Fernando de Alencastre, 1st Duke of Linares
Fernando de Alencastre Noroña y Silva, duque de Linares y marqués de Valdefuentes (c. 1641, Spain—June 3, 1717, Mexico City) was a Spanish nobleman and military officer. He also served as viceroy of New Spain, from January 15, 1711 to August 15, 1716.
Alencastre Noroña y Silva was a descendant of Fernando de Noroña, Duke of Linares, and thus from a very distinguished Spanish family. In addition to the two titles he inherited, he was knight commander of the Order of Santiago, lord of the bedchamber of the king, and lieutenant general in the army. He was also knight commander of the royal arms in the Kingdom of Naples, viceroy of Sardinia, vicar general of La Toscana and viceroy of Peru.
Beginning of his term as viceroy of New Spain
In 1711 he became viceroy and captain general of New Spain and president of the Audiencia.
On August 16, 1711 there was a strong earthquake that damaged many buildings and resulted in significant loss of life. The earthquake was said to last half an hour. The viceroy paid out of his own pocket to help the poor and to restore some of the buildings.
In 1713, Mexico City experienced a snowfall unlike any earlier recorded. The harvest failed, and a severe famine resulted. The streets were filled with people begging for bread. Perhaps as a result of the famine, a severe plague broke out, continuing into the following year. Many sick people were abandoned on the streets. Many people died and were buried in common graves. Both the viceroy and the archbishop of Mexico, José Lanziego, paid out of their own pockets to help the poor during these catastrophes.
Foreign affairs and defense
To cement the recent peace with England in 1713, the Spanish Crown granted that country a monopoly in the trade in black slaves throughout Spanish America for ten years. This had the unintended effect of allowing the English to introduce large quantities of contraband merchandise into the colonies as well. Also troublesome was the longstanding English settlement at Laguna de Términos. Here the English continued the illegal harvest of tropical woods, especially logwood.
Alencastre ordered the construction of four well-armed, light warships at Coatzacoalcos to reinforce the Armada de Barlovento (coast guard). He bought 600 new muskets in Cantabria for the militia and sent money for the repair of fortifications at Cumaná.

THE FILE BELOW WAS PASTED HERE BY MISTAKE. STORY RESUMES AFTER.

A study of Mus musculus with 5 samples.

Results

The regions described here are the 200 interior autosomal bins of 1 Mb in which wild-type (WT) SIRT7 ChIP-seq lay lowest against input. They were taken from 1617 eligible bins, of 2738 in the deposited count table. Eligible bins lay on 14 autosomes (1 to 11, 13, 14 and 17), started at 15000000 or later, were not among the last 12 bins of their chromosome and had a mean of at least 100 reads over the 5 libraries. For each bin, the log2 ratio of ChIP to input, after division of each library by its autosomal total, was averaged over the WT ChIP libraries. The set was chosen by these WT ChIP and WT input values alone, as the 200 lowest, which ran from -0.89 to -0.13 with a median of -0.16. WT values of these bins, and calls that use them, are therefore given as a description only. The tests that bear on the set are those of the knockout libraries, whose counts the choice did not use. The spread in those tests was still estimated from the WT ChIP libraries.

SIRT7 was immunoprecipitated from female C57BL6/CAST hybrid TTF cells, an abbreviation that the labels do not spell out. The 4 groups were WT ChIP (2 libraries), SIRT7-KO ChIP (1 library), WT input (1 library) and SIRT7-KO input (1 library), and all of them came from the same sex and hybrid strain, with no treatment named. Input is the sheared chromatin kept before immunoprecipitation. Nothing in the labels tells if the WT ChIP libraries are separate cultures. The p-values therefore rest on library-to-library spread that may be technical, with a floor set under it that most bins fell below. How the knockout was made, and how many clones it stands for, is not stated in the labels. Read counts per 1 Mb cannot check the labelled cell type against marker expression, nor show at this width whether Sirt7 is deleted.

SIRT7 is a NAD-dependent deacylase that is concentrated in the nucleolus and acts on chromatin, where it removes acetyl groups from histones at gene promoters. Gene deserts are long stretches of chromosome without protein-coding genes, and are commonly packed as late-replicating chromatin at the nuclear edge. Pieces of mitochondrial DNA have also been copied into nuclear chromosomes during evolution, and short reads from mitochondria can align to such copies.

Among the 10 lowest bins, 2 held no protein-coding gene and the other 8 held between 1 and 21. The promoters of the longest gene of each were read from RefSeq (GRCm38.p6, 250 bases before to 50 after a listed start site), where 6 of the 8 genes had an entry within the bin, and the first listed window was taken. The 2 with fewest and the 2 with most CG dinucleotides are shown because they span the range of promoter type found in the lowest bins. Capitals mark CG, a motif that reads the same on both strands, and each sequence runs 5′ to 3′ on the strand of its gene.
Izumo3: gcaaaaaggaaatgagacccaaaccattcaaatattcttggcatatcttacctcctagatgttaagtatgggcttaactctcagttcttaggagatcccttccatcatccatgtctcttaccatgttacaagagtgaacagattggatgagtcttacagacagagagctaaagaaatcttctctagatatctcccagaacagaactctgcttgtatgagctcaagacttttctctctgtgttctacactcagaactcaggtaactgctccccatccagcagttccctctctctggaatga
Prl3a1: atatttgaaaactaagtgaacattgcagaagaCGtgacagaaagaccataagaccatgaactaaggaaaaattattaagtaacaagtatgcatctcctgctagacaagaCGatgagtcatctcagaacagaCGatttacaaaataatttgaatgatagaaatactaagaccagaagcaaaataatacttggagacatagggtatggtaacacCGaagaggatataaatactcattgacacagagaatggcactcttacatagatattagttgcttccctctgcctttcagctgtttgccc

He petitioned the Crown to allow direct trade between New Spain and Peru, but the Crown rejected the proposal.
Internal affairs and new settlements
This viceroy organized two expeditions to reoccupy Texas and establish missions there. He founded the city of San Felipe de Linares September 3, 1711 (in present-day Nuevo León). Alencastre also aided the missions in California and New Mexico. He was an early donor to the Jesuit missions of Baja California, providing 5,000 as seed money in 1697. Indians in New Mexico continued in revolt, and the viceroy sent priests there to subdue the natives peacefully.
Alencastre constructed the aqueduct of Arcos de Belén to Salto de Agua in Mexico City. He continued and expanded La Acordada, a special tribunal dedicated to fighting robbery in the cities and on the highways. He prohibited the manufacture of the alcoholic beverage aguardiente from sugar cane, and made attempts to suppress immorality among the regular clergy.
The Crown fixed the annual contribution of New Spain to the mother country at one million pesos. To raise this money required some ingenuity on the part of the viceroy.
On October 28, 1715 an insurrection broke out among the garrison at San Juan de Ulúa, near Veracruz. For two years the soldiers had received only partial pay. The rebels were tried, convicted, and pardoned. Afterwards they continued to press their grievances.
Alencastre founded the first public library and the first natural history museum in New Spain. King Philip V of Spain directed that the museum send to Spain samples of rocks, plants, fruits, animals and other things found in Mexico but unknown in Spain. The viceroy complied, copiously.
Retirement and death
In 1716 he turned over the office to his successor, Baltasar de Zúñiga, 1st Duke of Arión. He left for Zúñiga a written Instrucción, in which he detailed the sad social and economic conditions of the colony.
He died the following year in Mexico City, and was interred in the church of the Discalced Carmelites. He left many charitable donations in his will, including an addition 5,000 for the Jesuit missions of Baja California.
- Alegre, Francisco Javier. (, 1960). Historia de la Provincia de la Compan~ía de Jesus de Nueva Espan~a. Nueva edición por Ernest J. Burrus y Felix Zubillaga. Roma: Insitutum Historicum S.J.; Vol. 4, pp. 3*, 252-53.
- Alegre, 1960, v. 4:252-53.
- (Spanish) "Alencastre Noroña y Silva, Fernando de," Enciclopedia de México, v. 1. Mexico City, 1988.
- (Spanish) García Puron, Manuel, México y sus gobernantes, v. 1. Mexico City: Joaquín Porrua, 1984.
- (Spanish) Orozco L., Fernando, Fechas Históricas de México. Mexico City: Panorama Editorial, 1988, ISBN 968-38-0046-7.
- (Spanish) Orozco Linares, Fernando, Gobernantes de México. Mexico City: Panorama Editorial, 1985, ISBN 968-38-0260-5.
- (Spanish) Alegre, Francisco Javier. Historia de la Provincia de la Compan~ía de Jesus de Nueva Espan~a. Nueva edición por Ernest J. Burrus y Felix Zubillaga. Roma: Insitutum Historicum S.J. , 1960.